The current political climate in America is perhaps as stressful it has ever been in history. As a historian and teacher, I have spent a great deal of time thinking of a period in the past that could equal or exceed this. I have only been able to come up with one. The time spent meditating on this has enabled me to take the current political conflict and stress in greater stride. I hope it helps you too.
The only time in American history that I can equate to today would be Lincoln’s 2nd election in 1864. By this time, the nation had suffered through 4 long years of war, and they were tired. Lincoln faced a challenge from a famous former general who had led the Army of the Potomac. A general that Lincoln had fired in 1863 for his failure to pursue Lee back into Virginia, following the battle of Antietam.
The Nation was exhausted and frustrated and just wanted the war to end. Lincoln was pushing for unconditional surrender, which required a clear victory. McClellan campaigned for a negotiated settlement to end the war immediately. Had McClellan won, the South could have negotiated its continued independence and the preservation of slavery. The nation we know today would not exist. It would have also doomed the 13th, 14th, and 15th amendments, which officially ended slavery.
In the late summer of 1864, even Lincoln thought he would lose the election. The war was at a standstill, and Americans were tired. In early September of that year, General Sherman’s victory in the Atlanta Campaign broke through the stalemate and reinvigorated the Union’s hope. Lincoln was able to ride the momentum from this military victory to a political victory, winning a second term as President.
There are some striking similarities between America today and America in 1864. Although we have not suffered through an actual Civil War, the last four years have both exposed and caused great division. This ideological division, combined with modern technology, the unbearable length of the election cycle, and Coronavirus have conspired to exhaust America. All of us are tired, and probably most of us just want it to be over. But there is still another grueling month, and it seems that so much is at stake.
So as a historian and a teacher, allow me to provide some needed solace and relief. A history teacher rarely has an opportunity to provide such a valuable service. So here goes.
On November 3rd, you get to vote for the President of the United States and many additional statewide offices. You get to experience this rare privilege because you are free. That is a tremendous source of hope. In addition to your donations of time or money and your prayers, voting is the only thing you can do. It is a solemn duty that we, as Americans, have the honor and privilege to perform. But this responsibility both empowers and limits us, at the same time.
In addition to voting, there is little legally that we can do to affect an election. Although this may seem to diminish our role to a seemingly small contribution during such a dramatic time, this should also provide important solace. All we can do is serve and vote with as much diligence as possible; the rest is up to God.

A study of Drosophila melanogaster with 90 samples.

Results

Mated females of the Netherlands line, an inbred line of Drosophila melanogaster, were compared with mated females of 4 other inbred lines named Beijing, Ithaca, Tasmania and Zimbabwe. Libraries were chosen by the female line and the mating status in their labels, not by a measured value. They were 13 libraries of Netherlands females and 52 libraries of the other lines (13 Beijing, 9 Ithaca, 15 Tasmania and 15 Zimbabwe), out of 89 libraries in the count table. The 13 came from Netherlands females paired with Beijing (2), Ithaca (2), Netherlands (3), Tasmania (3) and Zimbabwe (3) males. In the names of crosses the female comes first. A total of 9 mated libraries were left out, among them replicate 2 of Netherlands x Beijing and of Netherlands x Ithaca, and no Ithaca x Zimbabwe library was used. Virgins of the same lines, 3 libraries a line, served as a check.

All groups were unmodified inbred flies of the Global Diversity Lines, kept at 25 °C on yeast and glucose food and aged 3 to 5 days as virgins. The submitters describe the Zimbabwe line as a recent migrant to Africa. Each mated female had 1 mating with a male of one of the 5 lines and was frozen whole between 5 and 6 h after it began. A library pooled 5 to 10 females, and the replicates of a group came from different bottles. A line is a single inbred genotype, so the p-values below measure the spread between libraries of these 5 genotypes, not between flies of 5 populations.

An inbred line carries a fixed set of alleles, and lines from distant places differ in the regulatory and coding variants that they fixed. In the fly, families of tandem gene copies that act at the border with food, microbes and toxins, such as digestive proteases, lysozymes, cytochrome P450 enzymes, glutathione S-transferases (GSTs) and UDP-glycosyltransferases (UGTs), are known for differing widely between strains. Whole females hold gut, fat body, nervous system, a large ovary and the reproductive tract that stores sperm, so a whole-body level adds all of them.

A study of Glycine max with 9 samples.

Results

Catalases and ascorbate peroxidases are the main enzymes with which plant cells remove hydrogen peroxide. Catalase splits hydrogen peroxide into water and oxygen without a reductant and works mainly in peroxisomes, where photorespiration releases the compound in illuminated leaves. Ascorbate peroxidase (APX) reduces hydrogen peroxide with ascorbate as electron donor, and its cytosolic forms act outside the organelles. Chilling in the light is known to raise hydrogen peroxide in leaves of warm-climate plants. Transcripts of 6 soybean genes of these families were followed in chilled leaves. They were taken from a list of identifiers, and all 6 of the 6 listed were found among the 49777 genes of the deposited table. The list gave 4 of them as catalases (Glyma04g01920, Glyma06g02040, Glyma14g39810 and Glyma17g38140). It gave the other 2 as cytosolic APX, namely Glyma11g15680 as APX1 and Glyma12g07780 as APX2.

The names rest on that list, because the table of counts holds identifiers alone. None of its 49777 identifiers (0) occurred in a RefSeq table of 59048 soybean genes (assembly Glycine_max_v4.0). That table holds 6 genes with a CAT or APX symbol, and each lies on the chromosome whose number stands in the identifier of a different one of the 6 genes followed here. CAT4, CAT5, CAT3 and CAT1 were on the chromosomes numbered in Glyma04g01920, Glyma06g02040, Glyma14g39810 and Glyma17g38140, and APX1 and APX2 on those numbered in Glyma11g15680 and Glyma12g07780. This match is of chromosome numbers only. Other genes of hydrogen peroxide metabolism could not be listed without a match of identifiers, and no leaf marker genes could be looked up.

There is great freedom in doing the best we know to do, then letting go and trusting God to do the rest, however He sees fit. Only God knows the beginning from the end. It’s not in our hands.
Nobody, not even Lincoln, knew how much was really at stake in the 1864 election. Only God knew, and only He could have brought it about. And He did.
By letting go and letting God, we relieve ourselves of taking unhealthy spiritual responsibility for things we can not control anyway. This allows us to rest from the pressure of assuming power we do not have.
Not only are we free citizens, in a free country, but we also have limited power, which is paradoxically what makes us free. The most influential people in the country, like the least, only get one vote. This limitation frees us to do what we can but also frees us from ultimate responsibility for the results.
Learning to let go of ultimate control or responsibility for something as significant as a national election will help us grasp more loosely numerous other things in our life over which we also have little or no control. There is great peace in trusting God to be God.
Do not be anxious about anything, but in every situation, by prayer and petition, with thanksgiving, present your requests to God. And the peace of God, which transcends all understanding, will guard your hearts and your minds in Christ Jesus. (Philippians 4:6-7)
This peace will also free us from fear, exaggerated by our egos, and allow us to focus our attention on things that are noble, pure, wholesome, and lovely, as we rest in the love of God from which no earthly thing can separate us. (Philippians 4:8)
In November of 1864, despite an exhausted and often confused electorate, God had His way, and Abraham Lincoln won a second term. Although it proved tragically short, it also proved immensely pivotal in securing the government he gave his last ounce of devotion to save; so that a government for the people, by the people, and of the people, shall not perish from this earth.
I believe, despite all the current stress and conflict, there is still a role for such political liberty in God’s plan for the world, and also, a continued plan for America. And, thankfully, it is ultimately in God’s capable hands.